From the files of “Why didn’t I get asked to be a part of this study?” and “Did we really need a formal study on this?” University of Zurich researchers have discovered that the hallucinogenic compound in “magic mushrooms” known as psilocybin alleviates feels of social rejection.

Important science did come out of this study.  By tracing the impact of psilocybin the researchers were able to see how negative social stimuli are processed in the brain.  These pathways are important as they could be targeted by future treatments for depression.

Psilocybin works by binding to serotonin receptors in the brain.  Serotonin is a neurotransmitter that helps the brain’s response to negative stimuli.  Psilocybin inturn reduces the effect of the intensity to which we react to negative stimuli.

According to Katrin Preller “we conducted an earlier study which showed that psilocybin decreases the processing of negative stimuli in general, and now we have narrowed that down to social processing, which is such an important part of everyday life.”

Social rejection results in an emotional response ultimately leading to social pain.  Social pain has been associated with increased activity in certain parts of the brain, mainly the dorsal anterior cingulate cortex and middle frontal gyrus.  The role of serotonin in had not been fully explored which lead the researchers to this “magic mushroom” experiment.

The Study

Using 21 volunteers (tough recruiting job there) they asked them to play a game called Cyerball.  Cyberball basically is a game of catch within the group.  They tracked the brain activity during this game using functional magnetic resonance imaging (fMRI).  The researchers studied the brain activity of players when they were excluded from receiving the ball, a “social rejection.”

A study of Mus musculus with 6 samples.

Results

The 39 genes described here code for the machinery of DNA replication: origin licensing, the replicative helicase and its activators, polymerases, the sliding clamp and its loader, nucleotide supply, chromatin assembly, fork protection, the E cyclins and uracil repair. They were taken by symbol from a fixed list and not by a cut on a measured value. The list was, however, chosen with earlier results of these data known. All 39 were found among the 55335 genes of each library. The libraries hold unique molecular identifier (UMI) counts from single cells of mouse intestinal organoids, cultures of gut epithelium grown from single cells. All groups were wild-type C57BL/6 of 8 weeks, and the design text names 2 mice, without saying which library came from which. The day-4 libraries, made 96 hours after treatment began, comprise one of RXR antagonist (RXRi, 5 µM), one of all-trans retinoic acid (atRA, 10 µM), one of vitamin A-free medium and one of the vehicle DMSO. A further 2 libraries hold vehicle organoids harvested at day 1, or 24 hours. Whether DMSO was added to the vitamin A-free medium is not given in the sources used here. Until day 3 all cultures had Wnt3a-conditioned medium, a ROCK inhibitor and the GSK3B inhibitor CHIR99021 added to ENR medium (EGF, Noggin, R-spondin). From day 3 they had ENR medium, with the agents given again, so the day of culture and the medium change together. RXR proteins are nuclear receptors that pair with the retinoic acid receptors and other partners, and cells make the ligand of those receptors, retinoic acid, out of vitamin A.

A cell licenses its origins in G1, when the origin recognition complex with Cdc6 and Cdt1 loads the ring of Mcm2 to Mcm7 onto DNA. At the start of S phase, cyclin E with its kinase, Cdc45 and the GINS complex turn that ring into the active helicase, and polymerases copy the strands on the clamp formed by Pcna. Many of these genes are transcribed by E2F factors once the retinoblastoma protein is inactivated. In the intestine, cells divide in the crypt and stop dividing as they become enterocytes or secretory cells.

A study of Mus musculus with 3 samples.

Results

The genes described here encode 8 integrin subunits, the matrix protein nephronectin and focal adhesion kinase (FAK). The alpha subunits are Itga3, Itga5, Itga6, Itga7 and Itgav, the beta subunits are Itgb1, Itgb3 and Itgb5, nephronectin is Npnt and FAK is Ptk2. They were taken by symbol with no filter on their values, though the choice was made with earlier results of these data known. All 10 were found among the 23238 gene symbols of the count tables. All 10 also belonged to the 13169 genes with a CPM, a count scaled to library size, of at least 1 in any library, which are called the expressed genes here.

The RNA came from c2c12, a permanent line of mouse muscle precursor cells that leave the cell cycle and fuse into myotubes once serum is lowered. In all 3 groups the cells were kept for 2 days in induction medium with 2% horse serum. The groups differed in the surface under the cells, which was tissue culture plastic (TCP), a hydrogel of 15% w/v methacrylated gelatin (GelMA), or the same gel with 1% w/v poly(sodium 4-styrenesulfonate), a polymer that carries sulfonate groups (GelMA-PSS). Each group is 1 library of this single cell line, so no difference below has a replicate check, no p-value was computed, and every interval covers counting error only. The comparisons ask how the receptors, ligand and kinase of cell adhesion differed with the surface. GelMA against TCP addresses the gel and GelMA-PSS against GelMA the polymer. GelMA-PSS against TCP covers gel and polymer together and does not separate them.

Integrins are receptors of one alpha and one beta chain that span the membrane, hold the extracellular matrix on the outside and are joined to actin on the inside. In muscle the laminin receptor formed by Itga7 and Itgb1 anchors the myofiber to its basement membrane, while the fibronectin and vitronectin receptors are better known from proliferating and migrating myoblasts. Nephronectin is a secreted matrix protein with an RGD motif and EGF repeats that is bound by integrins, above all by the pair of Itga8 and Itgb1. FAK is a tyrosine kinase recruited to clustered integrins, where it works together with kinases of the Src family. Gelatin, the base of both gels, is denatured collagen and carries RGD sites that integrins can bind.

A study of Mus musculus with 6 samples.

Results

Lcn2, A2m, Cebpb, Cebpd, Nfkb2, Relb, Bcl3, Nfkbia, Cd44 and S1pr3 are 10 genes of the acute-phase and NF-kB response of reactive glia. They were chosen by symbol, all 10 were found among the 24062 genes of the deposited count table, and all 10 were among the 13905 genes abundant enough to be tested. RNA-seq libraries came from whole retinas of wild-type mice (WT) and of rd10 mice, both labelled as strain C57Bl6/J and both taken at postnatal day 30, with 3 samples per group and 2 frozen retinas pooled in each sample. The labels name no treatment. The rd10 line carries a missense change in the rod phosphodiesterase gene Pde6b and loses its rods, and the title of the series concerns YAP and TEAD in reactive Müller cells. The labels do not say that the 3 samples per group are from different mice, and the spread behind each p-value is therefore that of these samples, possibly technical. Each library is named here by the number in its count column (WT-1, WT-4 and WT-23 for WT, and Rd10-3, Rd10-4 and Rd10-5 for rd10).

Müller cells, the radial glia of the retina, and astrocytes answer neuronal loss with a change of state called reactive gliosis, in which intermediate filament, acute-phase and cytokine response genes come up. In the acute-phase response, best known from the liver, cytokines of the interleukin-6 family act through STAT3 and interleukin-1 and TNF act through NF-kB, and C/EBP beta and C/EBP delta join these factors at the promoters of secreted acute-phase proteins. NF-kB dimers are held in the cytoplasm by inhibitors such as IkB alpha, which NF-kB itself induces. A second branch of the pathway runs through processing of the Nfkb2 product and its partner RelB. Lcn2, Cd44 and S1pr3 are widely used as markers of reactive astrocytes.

They  the study participants were asked to play another round, this time half of them received a dose of psilocybin while the other half were disappointed with a placebo.  The researchers found that the tripping players’ brain activity showed reduced signs of social pain.  Not surprisingly they also reported diluted feelings of rejection.  According to their findings that were published in the Proceedings of the National Academy of Sciences, the researchers claim this confirms the role of serotonin in social processing in the brain.

“It’s really important to understand what’s going on the brain when we interact socially,” insists Preller, adding that “identifying these brain processes is extremely helpful if we think of future medications.”

The paper notes “increased reactivity to social exclusion is clinically relevant in depression, borderline personality disorder, social anxiety disorder, and other psychiatric disorders.” As such, Preller hopes that one day “we’ll be able to develop medications that target these mechanisms in the psychiatric population.”

These types of treatments are still a little way off and remember, next time you are asked to take part in an experiment, it might end up being more fun than you would think.